The Stamping Ground

Festival Theatre

Edinburgh

Neil Cooper

Four Stars

As theatre makers across the land strive to make the great Scottish musical, it turns out the ingredients for such a venture were hiding in plain sight all along. Because the rabble rousing calls to arms of Runrig’s half-century old back catalogue of contemporary folk rock anthems transfer surprisingly well to their new life as showtunes in this touring revival of director Luke Kernaghan and writer Morna Young’s jukebox musical.

Drawn from a concept by Alan B McLeod, Young takes what appears to be an everyday domestic saga before scaling things up to create a universal meditation on home, land and colonialism.

Young’s story focuses on Euan and Annie, who make a prodigal’s return from the big city to their Highland birthplace in the village of Glenbeag after their teenage daughter Fiona is bullied at school. Euan is a writer of the sort of popular historical novels that keep the geeks happy, while Annie gave up singing to become what Americans might call a homemaker.

HeraldScotland: RunrigRunrig (Image: free)

Glenbeag is on a downturn, with the local pub about to be sold off to developers with the intention of turning it into a holiday home. A fundraising festival sees Annie return to the stage, while tensions are inflamed by the presence of a free-spirited young woman called Summer, and the return of a big talking Canadian called Johnny, who has his mind set on wooing Euan’s widowed mother Mary.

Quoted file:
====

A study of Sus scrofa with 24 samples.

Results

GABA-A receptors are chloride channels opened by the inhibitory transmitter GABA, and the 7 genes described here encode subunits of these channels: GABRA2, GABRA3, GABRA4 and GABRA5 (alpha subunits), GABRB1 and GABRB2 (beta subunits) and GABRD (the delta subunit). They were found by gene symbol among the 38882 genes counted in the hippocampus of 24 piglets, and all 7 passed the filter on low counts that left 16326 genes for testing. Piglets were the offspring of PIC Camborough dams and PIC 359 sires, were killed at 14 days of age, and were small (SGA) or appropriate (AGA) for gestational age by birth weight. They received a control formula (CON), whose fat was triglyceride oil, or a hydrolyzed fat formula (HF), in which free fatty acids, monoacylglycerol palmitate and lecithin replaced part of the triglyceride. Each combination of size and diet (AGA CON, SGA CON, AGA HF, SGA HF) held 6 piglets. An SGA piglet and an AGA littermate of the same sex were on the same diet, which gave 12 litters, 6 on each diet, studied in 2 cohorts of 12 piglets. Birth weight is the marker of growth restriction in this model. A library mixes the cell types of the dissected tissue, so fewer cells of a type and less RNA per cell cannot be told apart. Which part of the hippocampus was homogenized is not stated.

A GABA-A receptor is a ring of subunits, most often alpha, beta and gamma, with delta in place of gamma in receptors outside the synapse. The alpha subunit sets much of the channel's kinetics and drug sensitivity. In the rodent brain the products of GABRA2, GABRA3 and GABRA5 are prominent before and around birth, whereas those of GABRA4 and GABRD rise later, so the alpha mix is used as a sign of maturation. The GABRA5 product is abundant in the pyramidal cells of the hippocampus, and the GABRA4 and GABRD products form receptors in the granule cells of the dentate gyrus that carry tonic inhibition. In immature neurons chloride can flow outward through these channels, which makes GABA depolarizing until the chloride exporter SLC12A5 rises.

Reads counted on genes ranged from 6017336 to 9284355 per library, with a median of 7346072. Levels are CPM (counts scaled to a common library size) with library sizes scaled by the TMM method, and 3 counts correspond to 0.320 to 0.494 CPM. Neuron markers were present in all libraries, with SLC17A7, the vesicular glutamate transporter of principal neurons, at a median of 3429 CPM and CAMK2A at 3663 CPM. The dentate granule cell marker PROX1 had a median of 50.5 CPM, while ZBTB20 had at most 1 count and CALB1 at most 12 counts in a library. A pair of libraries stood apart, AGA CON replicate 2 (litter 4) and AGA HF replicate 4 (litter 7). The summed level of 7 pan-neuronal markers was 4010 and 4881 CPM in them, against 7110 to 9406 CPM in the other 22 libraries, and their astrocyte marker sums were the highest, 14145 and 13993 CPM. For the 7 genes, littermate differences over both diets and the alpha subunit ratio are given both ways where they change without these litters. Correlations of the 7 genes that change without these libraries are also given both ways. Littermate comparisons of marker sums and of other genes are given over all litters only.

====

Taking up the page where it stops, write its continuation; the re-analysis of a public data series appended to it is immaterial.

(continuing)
Community spirit, it seems, isn’t exactly in abundance.

What follows is an infectiously appealing cross-generational tug of love for a way of life under threat of being bought up and hyped into a very different brand.

This is driven by Calum MacDonald and Rory MacDonald’s songs, taken down a notch or two by musical arranger John Kielty, and given voice by a cast led by Ali Watt as Euan and Jenny Hulse as Annie.

With unavoidable echoes of Local Hero in Raw Material and Eden Court Inverness’s production, the similarly feelgood happy ending points up a show of strength in a rousing call to arms.